IBM's Power6 gets help with math, multimedia

Big Blue's server processor can natively handle base-10 arithmetic and supports AltiVec multimedia extensions.

SAN JOSE, Calif.--IBM's forthcoming Power6 processor can count to 10.

That may not sound like anything special for a processor whose clock ticks at a rate approaching 5 billion times each second. But Power6 can count to 10--and perform numerous other mathematical operations--with the decimal digits 0 through 9 rather than the binary digits of 0 and 1 used by conventional computers.

"When we do multiplication on the chip, we can do it the same way you learned it in grade school," Brad McCredie, Power6's chief architect, said in an interview. McCredie also presented Power6 details at the Fall Processor Forum here Tuesday.

Binary math is the ordinary mode for Power6 and a natural for computers: The two digits can conveniently be represented by voltage differences and other yes-or-no, up-or-down, on-or-off differences. But humans, graced with 10 digits, generally opted for base 10, or decimal, mathematics, and about a little more than half of numeric stored in commercial databases is decimal, McCredie said.

But precision problems can crop up when computers translate numbers into binary to perform a calculation, then translate back to the decimal system to present answers. For example, 10 percent of $1.50 should be 15 cents, not 14.9999 cents, he said. Consequently, regulations require that some tax and government applications perform math using decimal-based calculations, McCredie said.

"There are a lot of software packages so people can run decimal math," he said, but performing the instructions in hardware speeds up processing by a factor of two to seven, he said. It's still slower than binary math, though; the chip can't do as much in a single clock cycle.

Power family competition
Power6, a dual-core chip IBM will begin manufacturing this year for servers going on sale in mid-2007, is the latest in a series of server processors that are central to Big Blue's recovery in the Unix server market. In terms of revenue, IBM reached the top spot in the market in 2005 over Hewlett-Packard and Sun Microsystems, though the company has given back some of those gains in the first half of 2006.

The Power family, which also includes lower-end PowerPC models, competes chiefly with Itanium chips from Intel, Sparc from Sun and Fujitsu, and x86 chips from Intel and Advanced Micro Devices.

The Power and PowerPC lines will grow one step closer together with Power6, which incorporates the AltiVec instruction set that speeds up many multimedia tasks. AltiVec, also known as VMX, increases efficiency by letting a single processing instruction be applied to multiple data elements. That's helpful for video and audio tasks on desktop machines, but servers will benefit as well in, for example, high-performance computing tasks such as genetic data processing, McCredie said.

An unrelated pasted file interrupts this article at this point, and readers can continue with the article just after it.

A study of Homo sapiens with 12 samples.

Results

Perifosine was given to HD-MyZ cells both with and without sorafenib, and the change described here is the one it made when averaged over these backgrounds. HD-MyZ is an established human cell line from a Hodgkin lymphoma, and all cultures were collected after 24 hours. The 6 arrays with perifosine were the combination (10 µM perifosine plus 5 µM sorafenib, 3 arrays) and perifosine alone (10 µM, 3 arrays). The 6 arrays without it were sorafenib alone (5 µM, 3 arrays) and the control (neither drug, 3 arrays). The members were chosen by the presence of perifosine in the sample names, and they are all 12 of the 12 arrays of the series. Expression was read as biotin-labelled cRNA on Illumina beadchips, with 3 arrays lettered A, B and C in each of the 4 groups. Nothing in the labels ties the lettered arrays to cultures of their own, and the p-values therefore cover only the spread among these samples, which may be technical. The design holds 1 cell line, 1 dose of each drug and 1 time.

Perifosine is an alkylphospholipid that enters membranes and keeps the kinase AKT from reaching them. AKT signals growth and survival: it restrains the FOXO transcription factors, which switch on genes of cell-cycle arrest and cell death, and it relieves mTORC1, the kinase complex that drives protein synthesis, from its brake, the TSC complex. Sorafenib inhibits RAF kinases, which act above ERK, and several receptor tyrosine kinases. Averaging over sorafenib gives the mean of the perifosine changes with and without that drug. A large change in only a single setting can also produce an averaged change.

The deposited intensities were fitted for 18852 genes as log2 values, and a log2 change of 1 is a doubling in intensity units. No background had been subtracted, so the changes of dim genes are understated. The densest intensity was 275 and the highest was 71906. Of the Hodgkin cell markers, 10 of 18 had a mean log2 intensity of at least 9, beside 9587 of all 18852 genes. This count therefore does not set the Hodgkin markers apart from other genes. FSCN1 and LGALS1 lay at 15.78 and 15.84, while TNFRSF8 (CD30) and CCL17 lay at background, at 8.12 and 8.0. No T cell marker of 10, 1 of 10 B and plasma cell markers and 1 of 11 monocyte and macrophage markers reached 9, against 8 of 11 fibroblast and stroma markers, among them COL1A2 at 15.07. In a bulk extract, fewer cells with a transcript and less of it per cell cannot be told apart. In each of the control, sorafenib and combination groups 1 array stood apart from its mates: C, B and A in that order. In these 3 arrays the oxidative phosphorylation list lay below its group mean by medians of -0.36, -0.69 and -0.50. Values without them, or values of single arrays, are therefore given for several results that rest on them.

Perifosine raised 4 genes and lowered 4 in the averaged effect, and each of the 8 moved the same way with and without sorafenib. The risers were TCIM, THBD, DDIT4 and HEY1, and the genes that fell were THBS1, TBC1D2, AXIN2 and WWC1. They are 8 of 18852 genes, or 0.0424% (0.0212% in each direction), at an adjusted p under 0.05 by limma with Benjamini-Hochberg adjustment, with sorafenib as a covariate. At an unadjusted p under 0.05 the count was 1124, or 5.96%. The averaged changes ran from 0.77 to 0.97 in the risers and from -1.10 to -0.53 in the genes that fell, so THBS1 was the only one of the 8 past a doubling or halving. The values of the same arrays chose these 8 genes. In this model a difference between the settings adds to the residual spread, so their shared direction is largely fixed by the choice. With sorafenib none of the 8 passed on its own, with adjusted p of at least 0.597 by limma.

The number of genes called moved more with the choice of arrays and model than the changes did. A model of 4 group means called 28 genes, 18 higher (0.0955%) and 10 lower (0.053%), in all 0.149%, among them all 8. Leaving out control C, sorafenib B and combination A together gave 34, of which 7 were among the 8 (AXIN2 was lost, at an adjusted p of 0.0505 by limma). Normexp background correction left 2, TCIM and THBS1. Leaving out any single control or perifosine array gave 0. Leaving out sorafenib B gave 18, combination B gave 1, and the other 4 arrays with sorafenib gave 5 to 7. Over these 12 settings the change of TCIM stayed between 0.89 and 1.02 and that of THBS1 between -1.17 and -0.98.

Adding AltiVec was a tradeoff, he said. It's a valuable feature, but electrical current "leakage" problems in today's chipmaking technology mean that even idle parts of a chip consume power and produce waste heat.

Power6 will run at speeds of 4GHz to 5GHz, IBM has said. "It will be closer to 5GHz than it is to 4GHz," McCredie said.

To keep up with the faster clock speeds--about twice that of the current 2.3Ghz fastest Power5--IBM increased the Power6's communication abilities. Where Power5 can transfer data on and off the chip at a rate of 150 gigabytes per second, Power6 can do so at 300GBps, McCredie said.

IBM also has moved some higher-end reliability features from its mainframe line to Power6, he said. The idea is to catch and fix as many errors as possible before software has to be interrupted.

At each cycle, the chip records the state of all the data it's storing; if an error is detected, the chip can revert to its previous state to retry the processing step, McCredie said. If the error is more severe, the entire state of the processor can be moved to a new processor core, an ability called "CPU hot spare."

In addition, every data pathway is checked to make sure data isn't corrupted as it moves within the chip, he said.

Each Power6 chip has dual processing cores, and each core has 4MB of high-speed level-two cache memory to itself, compared with a 2MB shared cache in Power5. In addition, the two cores can share an optional 32MB of level-three cache separate from the chip, McCredie said.

Each core can simultaneously handle two instruction sequences, called "threads." The performance of the second thread is about 55 percent of the first on database transaction tasks, McCredie said, which is about double the performance of the second thread on Power5.

To improve virtualization abilities, Power6 can be subdivided into as many as 1,024 separate partitions, each with its own operating system. Customers aren't likely to want slivers that thin, though, he said. "I don't think we're going to deliver that to the customer. I think we're going to stop at 200 or so," McCredie said.

A Power6 chip can connect directly to three others in four-socket groupings using a first-tier communication fabric. And each of those groupings can connect directly with seven others over a second-tier communication fabric. The two-tier fabric keeps all the processors' cache memories synchronized.